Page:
Triple Therapy May Cause More Adverse Reactions in HCV Patients

Specialty Pharmacy TimesJuly/August 2013
Volume 4
Issue 4

Although studies have shown that telaprevir (TVR) plus peginterferon-2a (PEG-IFN-2a) and ribavirin treat genotype 1 chronic hepatitis C virus (HCV) infection better than PEG-IFN-2a—ribavirin alone, little is known about the safety of the drug combination. The results of a recent study, published online on May 17, 2013, in the Annals of Internal Medicine, found that while HCV patients taking TVR plus PEG-IFN-2a—ribavirin had better outcomes, they also suffered more adverse reactions.

The double-blind, placebo-controlled study assigned 62 patients with HCV and HIV-1 who were receiving 1 or none of 2 antiretroviral regimens to take TVR plus PEG-IFN-2a—ribavirin or a placebo with PEG-IFN-2a–ribavirin for 12 weeks. All participants were then treated with just PEG-IFN2a–ribavirin for 36 weeks. The researchers measured HCV RNA concentrations throughout the study.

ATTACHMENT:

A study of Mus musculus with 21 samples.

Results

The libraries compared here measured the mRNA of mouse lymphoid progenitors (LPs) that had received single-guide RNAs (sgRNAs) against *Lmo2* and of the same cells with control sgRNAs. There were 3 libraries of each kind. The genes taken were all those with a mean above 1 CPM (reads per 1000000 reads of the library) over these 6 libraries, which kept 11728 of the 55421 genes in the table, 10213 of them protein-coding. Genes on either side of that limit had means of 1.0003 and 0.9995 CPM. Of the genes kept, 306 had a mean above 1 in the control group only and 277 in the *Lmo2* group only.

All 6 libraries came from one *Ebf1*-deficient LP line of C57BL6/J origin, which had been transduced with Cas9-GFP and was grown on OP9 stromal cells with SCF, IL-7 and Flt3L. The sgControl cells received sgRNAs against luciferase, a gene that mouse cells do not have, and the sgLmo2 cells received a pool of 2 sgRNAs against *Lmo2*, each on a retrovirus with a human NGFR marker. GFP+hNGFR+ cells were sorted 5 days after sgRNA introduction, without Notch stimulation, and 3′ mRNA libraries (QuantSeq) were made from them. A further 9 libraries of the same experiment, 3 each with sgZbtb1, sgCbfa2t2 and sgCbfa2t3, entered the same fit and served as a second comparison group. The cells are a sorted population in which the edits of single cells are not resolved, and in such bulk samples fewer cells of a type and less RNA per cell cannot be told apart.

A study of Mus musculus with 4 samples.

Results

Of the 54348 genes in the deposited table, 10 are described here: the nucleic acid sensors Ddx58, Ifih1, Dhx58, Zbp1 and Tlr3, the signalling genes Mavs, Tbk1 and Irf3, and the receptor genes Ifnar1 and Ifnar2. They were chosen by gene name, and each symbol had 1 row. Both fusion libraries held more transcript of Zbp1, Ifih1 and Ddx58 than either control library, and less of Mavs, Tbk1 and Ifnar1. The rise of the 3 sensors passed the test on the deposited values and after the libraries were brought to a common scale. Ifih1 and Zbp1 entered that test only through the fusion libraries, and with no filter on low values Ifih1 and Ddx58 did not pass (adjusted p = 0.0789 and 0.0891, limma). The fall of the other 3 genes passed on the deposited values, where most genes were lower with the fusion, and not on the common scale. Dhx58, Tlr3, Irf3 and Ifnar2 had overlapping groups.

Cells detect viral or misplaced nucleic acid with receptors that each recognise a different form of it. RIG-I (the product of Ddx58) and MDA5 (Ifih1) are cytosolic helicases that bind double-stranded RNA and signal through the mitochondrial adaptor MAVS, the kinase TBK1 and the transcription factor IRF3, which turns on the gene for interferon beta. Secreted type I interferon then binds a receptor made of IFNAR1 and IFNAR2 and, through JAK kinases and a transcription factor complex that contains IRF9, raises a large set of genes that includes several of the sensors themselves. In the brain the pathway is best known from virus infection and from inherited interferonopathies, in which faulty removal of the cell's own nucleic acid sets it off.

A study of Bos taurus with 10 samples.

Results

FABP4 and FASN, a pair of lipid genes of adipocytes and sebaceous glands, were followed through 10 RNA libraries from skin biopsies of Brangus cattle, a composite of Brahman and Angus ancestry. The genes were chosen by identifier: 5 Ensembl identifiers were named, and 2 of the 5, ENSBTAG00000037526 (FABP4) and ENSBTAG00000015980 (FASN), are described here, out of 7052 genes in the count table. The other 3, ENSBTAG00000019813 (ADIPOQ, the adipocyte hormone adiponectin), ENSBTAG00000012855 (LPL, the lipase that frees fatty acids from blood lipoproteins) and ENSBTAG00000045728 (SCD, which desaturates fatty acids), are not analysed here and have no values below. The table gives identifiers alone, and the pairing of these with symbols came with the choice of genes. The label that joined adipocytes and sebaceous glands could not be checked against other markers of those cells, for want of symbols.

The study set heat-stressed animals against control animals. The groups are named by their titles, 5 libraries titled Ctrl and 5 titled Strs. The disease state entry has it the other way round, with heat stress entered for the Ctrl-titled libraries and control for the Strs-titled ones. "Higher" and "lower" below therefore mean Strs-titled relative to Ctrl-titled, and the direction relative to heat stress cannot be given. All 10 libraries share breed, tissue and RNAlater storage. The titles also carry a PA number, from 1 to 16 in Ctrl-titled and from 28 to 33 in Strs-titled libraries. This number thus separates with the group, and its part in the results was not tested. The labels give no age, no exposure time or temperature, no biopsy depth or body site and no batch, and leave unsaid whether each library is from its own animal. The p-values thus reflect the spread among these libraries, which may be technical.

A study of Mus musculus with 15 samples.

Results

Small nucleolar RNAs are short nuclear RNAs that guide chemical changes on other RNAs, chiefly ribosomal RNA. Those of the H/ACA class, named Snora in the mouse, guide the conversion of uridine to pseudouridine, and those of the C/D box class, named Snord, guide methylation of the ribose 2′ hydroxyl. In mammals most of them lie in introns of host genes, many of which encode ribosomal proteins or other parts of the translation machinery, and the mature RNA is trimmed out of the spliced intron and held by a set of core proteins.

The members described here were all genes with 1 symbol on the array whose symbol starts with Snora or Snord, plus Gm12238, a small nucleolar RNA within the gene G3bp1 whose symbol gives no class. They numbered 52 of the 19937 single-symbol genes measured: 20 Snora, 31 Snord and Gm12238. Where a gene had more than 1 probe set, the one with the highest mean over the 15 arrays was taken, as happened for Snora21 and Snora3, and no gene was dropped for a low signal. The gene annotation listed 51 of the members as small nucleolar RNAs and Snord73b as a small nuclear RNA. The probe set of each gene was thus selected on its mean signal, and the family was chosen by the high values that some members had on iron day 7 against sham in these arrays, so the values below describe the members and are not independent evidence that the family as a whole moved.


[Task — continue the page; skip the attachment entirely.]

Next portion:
More patients who received TVR experienced pruritus, headaches, nausea, rashes, or dizziness than those who received the placebo. Patients taking the placebo experienced no serious adverse events, compared with 5% of patients taking TVR. The same number of patients in both groups, however, discontinued medication due to side effects.

Sustained virologic response was seen in 74% of patients receiving TVR compared with only 45% of patients receiving the placebo. Rapid HCV suppression, determined if HCV RNA levels were undetectable by week 4, occurred in 68% of patients taking TVR; no placebo patients experienced such outcomes.

Although the results confirm the effectiveness of triple therapy in patients with HCV, they also raise questions concerning the safety of such treatment.